Enterprise Architecture as Strategy: Creating a Foundation for Business Execution 


By Jeanne W. Ross, Peter Weill, David C. Robertson
Reviewed by Upesh Parekh, CISA


Why do companies stumble when they execute core processes? Most likely, these companies do not have a robust operating model that is supported by agile IT.

Research scientists Jeanne Ross, Peter Weill and David Robertson have studied more than 200 companies on this topic. The findings from this study are laid out in this 220-page book, titled Enterprise Architecture as Strategy: Creating a Foundation for Business Execution.

The authors begin by describing the importance of getting the basics right, which they define as “building the foundation for execution.” The authors then stress the importance of the operating model to lay the foundation for execution. There is no single standard operating model, and the operating model should be based on the company’s desire for the degree of standardization and integration of the process. This is dependent upon the type of business, industry and preferences of management.

The authors then discuss enterprise architecture to support the operating model. The enterprise architecture varies for different operating models.

The enterprise architecture cannot mature in 1 day—it moves through the maturity journey. At each stage of the journey, different processes are initiated by the organization. Each stage requires a different level of investment and offers various benefits and returns.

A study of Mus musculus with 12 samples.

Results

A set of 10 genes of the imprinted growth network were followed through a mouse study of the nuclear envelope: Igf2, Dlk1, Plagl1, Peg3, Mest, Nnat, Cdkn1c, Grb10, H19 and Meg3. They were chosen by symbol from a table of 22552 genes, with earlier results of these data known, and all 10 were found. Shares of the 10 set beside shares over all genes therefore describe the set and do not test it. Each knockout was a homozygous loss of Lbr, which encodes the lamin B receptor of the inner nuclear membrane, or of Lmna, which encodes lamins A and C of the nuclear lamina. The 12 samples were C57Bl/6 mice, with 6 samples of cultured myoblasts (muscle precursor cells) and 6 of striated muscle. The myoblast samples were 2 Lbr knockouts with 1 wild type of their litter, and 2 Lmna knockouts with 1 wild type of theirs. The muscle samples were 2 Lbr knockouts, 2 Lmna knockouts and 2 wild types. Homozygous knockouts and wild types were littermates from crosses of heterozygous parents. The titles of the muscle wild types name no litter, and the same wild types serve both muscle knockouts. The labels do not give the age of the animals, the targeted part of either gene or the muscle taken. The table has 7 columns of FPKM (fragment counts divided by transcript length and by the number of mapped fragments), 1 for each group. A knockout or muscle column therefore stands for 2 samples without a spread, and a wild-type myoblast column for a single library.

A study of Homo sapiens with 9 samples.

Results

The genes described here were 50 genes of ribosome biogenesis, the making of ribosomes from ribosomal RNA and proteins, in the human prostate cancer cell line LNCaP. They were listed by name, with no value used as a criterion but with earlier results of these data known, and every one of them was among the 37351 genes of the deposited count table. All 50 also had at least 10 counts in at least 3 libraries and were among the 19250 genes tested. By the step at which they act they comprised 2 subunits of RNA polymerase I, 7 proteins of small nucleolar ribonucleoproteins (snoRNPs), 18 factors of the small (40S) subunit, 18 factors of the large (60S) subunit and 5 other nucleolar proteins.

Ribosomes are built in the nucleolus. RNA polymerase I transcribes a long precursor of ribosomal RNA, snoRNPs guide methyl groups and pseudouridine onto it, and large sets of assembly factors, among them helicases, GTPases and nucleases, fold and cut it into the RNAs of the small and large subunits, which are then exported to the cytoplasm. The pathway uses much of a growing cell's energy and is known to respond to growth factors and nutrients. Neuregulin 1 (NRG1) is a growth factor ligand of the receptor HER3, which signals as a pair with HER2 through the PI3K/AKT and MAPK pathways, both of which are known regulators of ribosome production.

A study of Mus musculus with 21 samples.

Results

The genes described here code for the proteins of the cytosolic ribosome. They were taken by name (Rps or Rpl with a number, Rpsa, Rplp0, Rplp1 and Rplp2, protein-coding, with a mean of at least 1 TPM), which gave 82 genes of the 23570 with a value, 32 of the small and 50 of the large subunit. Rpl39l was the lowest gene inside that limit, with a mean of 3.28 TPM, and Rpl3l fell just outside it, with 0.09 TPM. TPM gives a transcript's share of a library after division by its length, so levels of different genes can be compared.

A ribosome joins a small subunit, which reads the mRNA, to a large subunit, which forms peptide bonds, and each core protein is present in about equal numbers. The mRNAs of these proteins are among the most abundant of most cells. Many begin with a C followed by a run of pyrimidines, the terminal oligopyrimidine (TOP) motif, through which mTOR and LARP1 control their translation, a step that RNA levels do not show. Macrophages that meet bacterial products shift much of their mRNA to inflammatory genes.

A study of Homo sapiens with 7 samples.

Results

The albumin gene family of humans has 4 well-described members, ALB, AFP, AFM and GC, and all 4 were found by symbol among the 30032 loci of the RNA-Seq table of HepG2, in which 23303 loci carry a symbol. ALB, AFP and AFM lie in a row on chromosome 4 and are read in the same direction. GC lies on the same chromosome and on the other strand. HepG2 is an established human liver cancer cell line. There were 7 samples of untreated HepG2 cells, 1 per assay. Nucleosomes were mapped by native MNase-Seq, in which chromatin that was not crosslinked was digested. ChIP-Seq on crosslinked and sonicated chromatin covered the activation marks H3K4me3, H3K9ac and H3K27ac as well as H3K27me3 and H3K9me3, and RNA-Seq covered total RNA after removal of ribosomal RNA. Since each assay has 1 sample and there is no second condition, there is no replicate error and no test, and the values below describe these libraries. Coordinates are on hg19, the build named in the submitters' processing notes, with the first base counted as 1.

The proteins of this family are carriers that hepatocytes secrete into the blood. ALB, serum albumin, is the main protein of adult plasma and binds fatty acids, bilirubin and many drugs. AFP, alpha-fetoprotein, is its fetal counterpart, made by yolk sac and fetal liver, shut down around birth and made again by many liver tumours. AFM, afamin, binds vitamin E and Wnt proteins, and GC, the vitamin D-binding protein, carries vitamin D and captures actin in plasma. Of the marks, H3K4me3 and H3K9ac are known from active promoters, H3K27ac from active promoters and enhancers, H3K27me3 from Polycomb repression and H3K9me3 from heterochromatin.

The authors then describe different engagement models that need to be in place to bring the architecture to life. Here, the topic of IT governance is described in relation to the enterprise architecture and engagement model.

Though enterprise architecture is considered an important driver for adding IT value to the organization, the architecture has never been so lucidly connected to IT and business strategy. Real-life examples, facts, figures and interesting anecdotes make this book a must-read for upper management.

Enterprise Architecture as Strategy: Creating a Foundation for Business Execution is available from the ISACA Bookstore. For information, visit the ISACA Bookstore online or email bookstore@isaca.org.

Upesh Parekh, CISA, is a risk and governance professional with more than 10 years of experience in the banking and finance industry. He is based in Pune, India.